Christ Church


The land on which Christ Church was built was previously a green-field site in the eastern part of the Parish of Radford. The rectangular site fronted onto south side of Ilkeston Road, with Ronald Street forming the western and Grant Street the northern boundaries. The terrain of the land sloping east to west necessitated the construction of a high Bulwell stone retaining wall. All the other boundary walls were also built of the same stone. The east and south boundary walls remain intact as does part of west boundary. The other part of the west boundary wall and the north Grant Street sections are currently marked by modern wrought iron railings. The land was purchased for the sum of £200.

The design of the church was entrusted to architect H. R. Stevens of Derby who produced the plans in 1843. The building was in the Early English Style consisting of a Nave under a low pitched slated roof. Porches were located at the West end and on the South wall. The South porch which was of significant size being the main entrance and had a pathway leading to the main gates on Ilkeston Road, the alignment of this arrangement can still be seen. Possibly the west entrance, which was smaller and less decorative, had a similar pathway leading to Ronald Street; if so it is no longer apparent. A small door was set in the north wall directly opposite the south entrance. A vestry was located in the corner of the north wall of the chancel and the east wall of the nave. A polygonal chancel with long south and north walls and three short angled walls forming an apse completed the design. An organ chamber was cut through the south wall of the chancel in 1871; the work was undertaken by R.C. Sutton with Thomas Fish the building contractor. The work cost £150. The original cost of building the church in 1845 was £4,125.


Remains of the south
wall of the church

A photograph taken in April 2014 of the remaining section of the south wall shows that the church was built of local Bulwell Stone laid in courses of irregular width, varying from three to six inches. There is no evidence to identify the type of stone used for the framing of the doors and windows or the coping stone of the gables.

At each corner of the nave there were angled buttresses with two other buttresses set on both the north and south sides between the East wall of the nave and the two entrances, which had double width buttresses incorporated in their design. The west porch had a similar arrangement, accompanied with just a single buttress on each side, set midway between it, and the corner of West wall.

The windows in the north and south walls were pointed inset with a pair of trefoil headed lights terminating just above the springing point of the arch, with curvilinear tracery above creating three small lights. There were four widows, one each side of the nave. In the three apsidal sections of the chancel, windows of a similar design were installed one in each of the angles. A single window was installed in the west wall, but no other information was found regarding its design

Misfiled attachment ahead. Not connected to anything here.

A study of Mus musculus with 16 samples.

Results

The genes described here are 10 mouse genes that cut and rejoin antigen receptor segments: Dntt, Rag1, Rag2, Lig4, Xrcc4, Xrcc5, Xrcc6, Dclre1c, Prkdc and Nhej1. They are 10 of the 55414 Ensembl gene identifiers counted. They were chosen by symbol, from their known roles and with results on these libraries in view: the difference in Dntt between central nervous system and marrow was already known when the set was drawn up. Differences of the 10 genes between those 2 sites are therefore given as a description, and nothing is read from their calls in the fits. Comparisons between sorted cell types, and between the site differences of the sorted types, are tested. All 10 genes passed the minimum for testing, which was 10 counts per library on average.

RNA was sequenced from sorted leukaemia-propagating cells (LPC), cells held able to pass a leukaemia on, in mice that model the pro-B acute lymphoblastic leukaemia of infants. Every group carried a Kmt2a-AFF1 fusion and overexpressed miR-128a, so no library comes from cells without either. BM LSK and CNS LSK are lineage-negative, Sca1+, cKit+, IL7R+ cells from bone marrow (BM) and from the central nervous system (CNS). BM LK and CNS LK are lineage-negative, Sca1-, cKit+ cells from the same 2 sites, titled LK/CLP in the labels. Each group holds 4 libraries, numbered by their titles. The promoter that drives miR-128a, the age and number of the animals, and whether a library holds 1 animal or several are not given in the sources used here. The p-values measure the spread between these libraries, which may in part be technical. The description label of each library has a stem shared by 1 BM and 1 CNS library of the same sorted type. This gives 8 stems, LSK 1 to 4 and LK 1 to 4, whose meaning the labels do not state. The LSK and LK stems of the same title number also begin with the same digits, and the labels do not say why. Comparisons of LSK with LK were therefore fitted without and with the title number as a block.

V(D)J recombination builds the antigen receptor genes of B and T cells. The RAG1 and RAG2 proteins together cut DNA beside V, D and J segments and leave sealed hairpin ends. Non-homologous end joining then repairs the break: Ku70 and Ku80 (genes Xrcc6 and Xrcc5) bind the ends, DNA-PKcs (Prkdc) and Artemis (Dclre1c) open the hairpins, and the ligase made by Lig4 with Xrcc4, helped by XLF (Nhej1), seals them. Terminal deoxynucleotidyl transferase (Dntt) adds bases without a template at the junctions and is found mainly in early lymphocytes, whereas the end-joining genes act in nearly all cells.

A bell-cote housing a single bell rose from the west gable.


Four substantial stone shafts topped with moulded capitals supported the arcade. They were set in line with the exterior buttresses. Because of the four aisle design of the nave they were surrounded by the pews which must have created some sightline problems. Two half pillars each formed with two slender shafts were set facing each other to form the chancel arch. The single image available which shows these arrangements is not clear enough to extract more detail.


Only part of chancel roof is recorded. Short vertical timbers rose from the wall plate meeting and bracing the rafters as they formed the three section roof of the apse. It can be assumed that the ceiling which rose from the North and South walls of the chancel were of a similar design the five sections probably converging possibly finishing with a decorative boss.


The walls appear to have been finished with cement rendering and painted.


Little information was found regarding the floor finishes other than a record of a new floors being relayed in the chancel and sanctuary in 1897. In the chancel tessellated tiles were installed with a white marble step up to the sanctuary completed with Minton tiles.


There is no record of burials within the church. However, on the east side of the churchyard there are a number of substantial ledger stones deposited close the boundary wall which may have been removed from the church interior.